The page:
Eyewitnesses are unreliable

Eyewitnesses who consciously lie on a witness stand are dangerous to our justice system. But, potentially even more dangerous, are those eyewitnesses who think that they are being truthful (and are able to convincingly tell their story), but are actually recalling false memories.

Eyewitness testimony/memories are inherently unreliable.

Many people think of their memories as video recordings; they think that their eyes are like cameras and their memory is like a videotape recording. To remember something, they simply rewind the tape and watch it again. This perception, though, is completely wrong.

Memories are never as clear or detailed as the actual events; in fact, they are often highly distorted. Our minds play tricks on us.

How you ask?

Well, to start, memories about colour and speed are often distorted. People tend to remember colours as being brighter and more saturated (than the actual perception). Also, when recalling vehicle speeds, people tend to overestimate slow speeds and to underestimate fast speeds.

Also, memories typically contain gaps and, as a result, our mind will actually reconstruct events and fill in those gaps using other memories.

Specific to legal matters, it has been found that eyewitnesses who speak to other witnesses will use the additional information (from other witnesses) to fill in and add to their own memories.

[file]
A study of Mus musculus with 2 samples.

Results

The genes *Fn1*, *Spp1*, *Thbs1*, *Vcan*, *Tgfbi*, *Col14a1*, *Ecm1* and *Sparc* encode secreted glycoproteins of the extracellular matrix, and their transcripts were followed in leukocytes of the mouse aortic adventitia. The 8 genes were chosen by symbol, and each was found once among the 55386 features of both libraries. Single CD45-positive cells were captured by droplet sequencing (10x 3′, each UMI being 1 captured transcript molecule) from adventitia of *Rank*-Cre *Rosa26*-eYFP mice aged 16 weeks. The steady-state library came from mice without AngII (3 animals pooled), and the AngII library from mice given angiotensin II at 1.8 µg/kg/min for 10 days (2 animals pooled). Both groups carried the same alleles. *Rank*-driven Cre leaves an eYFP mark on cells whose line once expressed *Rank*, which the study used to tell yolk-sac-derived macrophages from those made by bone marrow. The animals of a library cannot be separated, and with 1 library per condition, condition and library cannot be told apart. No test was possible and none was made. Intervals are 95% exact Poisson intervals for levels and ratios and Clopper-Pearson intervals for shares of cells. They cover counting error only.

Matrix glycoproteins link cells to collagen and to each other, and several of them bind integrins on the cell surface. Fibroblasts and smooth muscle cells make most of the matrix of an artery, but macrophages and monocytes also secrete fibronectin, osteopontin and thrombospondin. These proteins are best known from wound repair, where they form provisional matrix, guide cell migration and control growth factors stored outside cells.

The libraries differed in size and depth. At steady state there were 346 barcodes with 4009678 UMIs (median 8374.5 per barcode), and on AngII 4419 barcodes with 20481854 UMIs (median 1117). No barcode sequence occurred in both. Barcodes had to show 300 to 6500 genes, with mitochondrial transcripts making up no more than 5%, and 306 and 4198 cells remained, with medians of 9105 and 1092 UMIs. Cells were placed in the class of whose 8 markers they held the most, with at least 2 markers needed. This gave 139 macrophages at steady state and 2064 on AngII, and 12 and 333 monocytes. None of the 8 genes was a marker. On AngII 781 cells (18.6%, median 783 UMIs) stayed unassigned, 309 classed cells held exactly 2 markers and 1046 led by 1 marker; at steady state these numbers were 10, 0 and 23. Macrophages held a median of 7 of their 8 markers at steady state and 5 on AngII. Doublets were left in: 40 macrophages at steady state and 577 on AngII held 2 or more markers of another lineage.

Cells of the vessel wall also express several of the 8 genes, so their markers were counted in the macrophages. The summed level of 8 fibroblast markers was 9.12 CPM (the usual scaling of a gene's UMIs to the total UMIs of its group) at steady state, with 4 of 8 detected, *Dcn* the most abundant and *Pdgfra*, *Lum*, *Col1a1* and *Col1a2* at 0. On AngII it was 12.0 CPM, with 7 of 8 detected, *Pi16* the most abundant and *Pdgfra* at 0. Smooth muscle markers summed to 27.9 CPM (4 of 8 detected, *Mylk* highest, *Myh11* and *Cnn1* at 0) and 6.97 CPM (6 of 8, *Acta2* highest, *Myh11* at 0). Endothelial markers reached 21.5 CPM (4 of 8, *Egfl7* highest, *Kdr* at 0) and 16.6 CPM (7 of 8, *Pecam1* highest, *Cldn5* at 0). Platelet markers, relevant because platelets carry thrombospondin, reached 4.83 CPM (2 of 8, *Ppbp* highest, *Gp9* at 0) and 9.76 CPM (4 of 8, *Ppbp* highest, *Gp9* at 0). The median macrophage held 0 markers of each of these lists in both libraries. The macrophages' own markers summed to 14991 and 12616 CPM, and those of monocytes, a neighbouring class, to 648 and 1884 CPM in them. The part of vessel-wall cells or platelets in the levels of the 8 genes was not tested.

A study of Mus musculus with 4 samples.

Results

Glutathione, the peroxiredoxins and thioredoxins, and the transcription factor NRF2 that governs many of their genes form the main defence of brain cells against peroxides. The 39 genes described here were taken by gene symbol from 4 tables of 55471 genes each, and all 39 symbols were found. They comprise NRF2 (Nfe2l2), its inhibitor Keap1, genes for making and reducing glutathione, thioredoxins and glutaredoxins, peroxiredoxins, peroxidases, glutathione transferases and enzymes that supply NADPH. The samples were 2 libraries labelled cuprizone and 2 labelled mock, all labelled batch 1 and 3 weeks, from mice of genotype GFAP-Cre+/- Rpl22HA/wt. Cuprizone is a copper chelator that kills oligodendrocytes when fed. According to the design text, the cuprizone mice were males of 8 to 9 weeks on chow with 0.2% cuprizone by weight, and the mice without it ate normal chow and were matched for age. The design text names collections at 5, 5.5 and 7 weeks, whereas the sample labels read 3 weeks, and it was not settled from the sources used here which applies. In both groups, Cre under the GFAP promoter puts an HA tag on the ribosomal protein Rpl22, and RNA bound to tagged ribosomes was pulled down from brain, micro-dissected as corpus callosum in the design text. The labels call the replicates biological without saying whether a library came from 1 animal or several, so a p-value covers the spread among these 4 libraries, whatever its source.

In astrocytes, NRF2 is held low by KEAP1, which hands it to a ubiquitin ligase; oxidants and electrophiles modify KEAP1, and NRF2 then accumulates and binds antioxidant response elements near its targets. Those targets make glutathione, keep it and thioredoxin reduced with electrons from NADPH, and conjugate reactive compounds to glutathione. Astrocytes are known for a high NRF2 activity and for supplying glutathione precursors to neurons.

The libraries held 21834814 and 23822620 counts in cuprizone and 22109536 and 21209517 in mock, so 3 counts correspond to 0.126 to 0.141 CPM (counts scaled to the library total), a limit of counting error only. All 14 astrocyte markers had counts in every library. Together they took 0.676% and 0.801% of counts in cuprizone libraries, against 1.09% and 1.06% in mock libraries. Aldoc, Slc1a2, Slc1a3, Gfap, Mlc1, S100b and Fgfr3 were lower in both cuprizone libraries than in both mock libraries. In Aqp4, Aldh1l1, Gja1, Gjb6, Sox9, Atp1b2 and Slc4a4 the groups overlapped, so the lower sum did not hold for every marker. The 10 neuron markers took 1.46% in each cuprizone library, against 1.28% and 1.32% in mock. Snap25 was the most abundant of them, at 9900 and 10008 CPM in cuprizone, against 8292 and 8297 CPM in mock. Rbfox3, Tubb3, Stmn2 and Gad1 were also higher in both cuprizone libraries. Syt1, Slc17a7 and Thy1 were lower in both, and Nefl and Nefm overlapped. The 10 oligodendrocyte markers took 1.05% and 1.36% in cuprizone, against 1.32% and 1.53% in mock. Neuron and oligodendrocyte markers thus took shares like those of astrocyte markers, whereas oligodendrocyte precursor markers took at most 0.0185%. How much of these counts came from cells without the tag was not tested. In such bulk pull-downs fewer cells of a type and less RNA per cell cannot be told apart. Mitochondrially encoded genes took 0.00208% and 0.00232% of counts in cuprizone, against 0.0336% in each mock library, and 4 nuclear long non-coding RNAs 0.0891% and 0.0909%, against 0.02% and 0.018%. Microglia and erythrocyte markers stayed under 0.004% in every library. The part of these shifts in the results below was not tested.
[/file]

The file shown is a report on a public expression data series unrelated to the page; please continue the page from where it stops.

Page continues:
Also, when people repeatedly recall an event, accuracy of the memory generally drops; some details are dropped from earlier versions and some new details are added.

You may be asking, “So what?” Well, this is important because eyewitness testimony is often given more weight than it deserves and is responsible for many wrongful convictions (of innocent people).

Consider Mr. Guy Paul Morin, who was given a life sentence in 1992 for the 1984 murder and sexual assault of his young neighbour in Queensville, Ontario. Eyewitnesses in that trial provided false memories, which led to his wrongful conviction.

Eyewitnesses in the Morin case expected the police to arrest the correct person and there was a lot of public pressure to find someone (anyone) responsible for the murder. Not surprisingly, their memories were rearranged (in their mind) in such a way that it benefited the police and the Crown.

In 1995, DNA testing exonerated Mr. Morin.

Everyone is capable of creating false memories. I see it often when interviewing witnesses and, of course, my job is to sort that out.

As a further illustration, while in law school, a professor, demonstrating the faultiness of memory, played my class a short video that portrayed a crime. Immediately after the video, we were all instructed to write down everything that we observed. Resoundingly, none of us were completely correct. Several weeks later, we were told, again, to recall our memories regarding the video. Again, none of us were correct and, even worse, some details were either removed and added.

Bottom-line: caution needs to be taken when relying on someone’s memories.

**The information contained in this column should not be treated by readers as legal advice and should not be relied on without detailed legal counsel being sought.




Jeff Zilkowsky is a lawyer practicing at MacLean Law in the Lower Mainland and in Kelowna, and focuses his practice on family law and litigation.  

In his column, Jeff provides information about current legal events or points of interest or concern relating to the law. 

The information contained in Jeff’s column should not be used or relied upon as legal advice.

Comments are always appreciated and encouraged, so don’t hesitate to email Jeff at [email protected]

Visit Jeff’s website at www.jeffzilkowsky.com or visit the website of MacLean Law.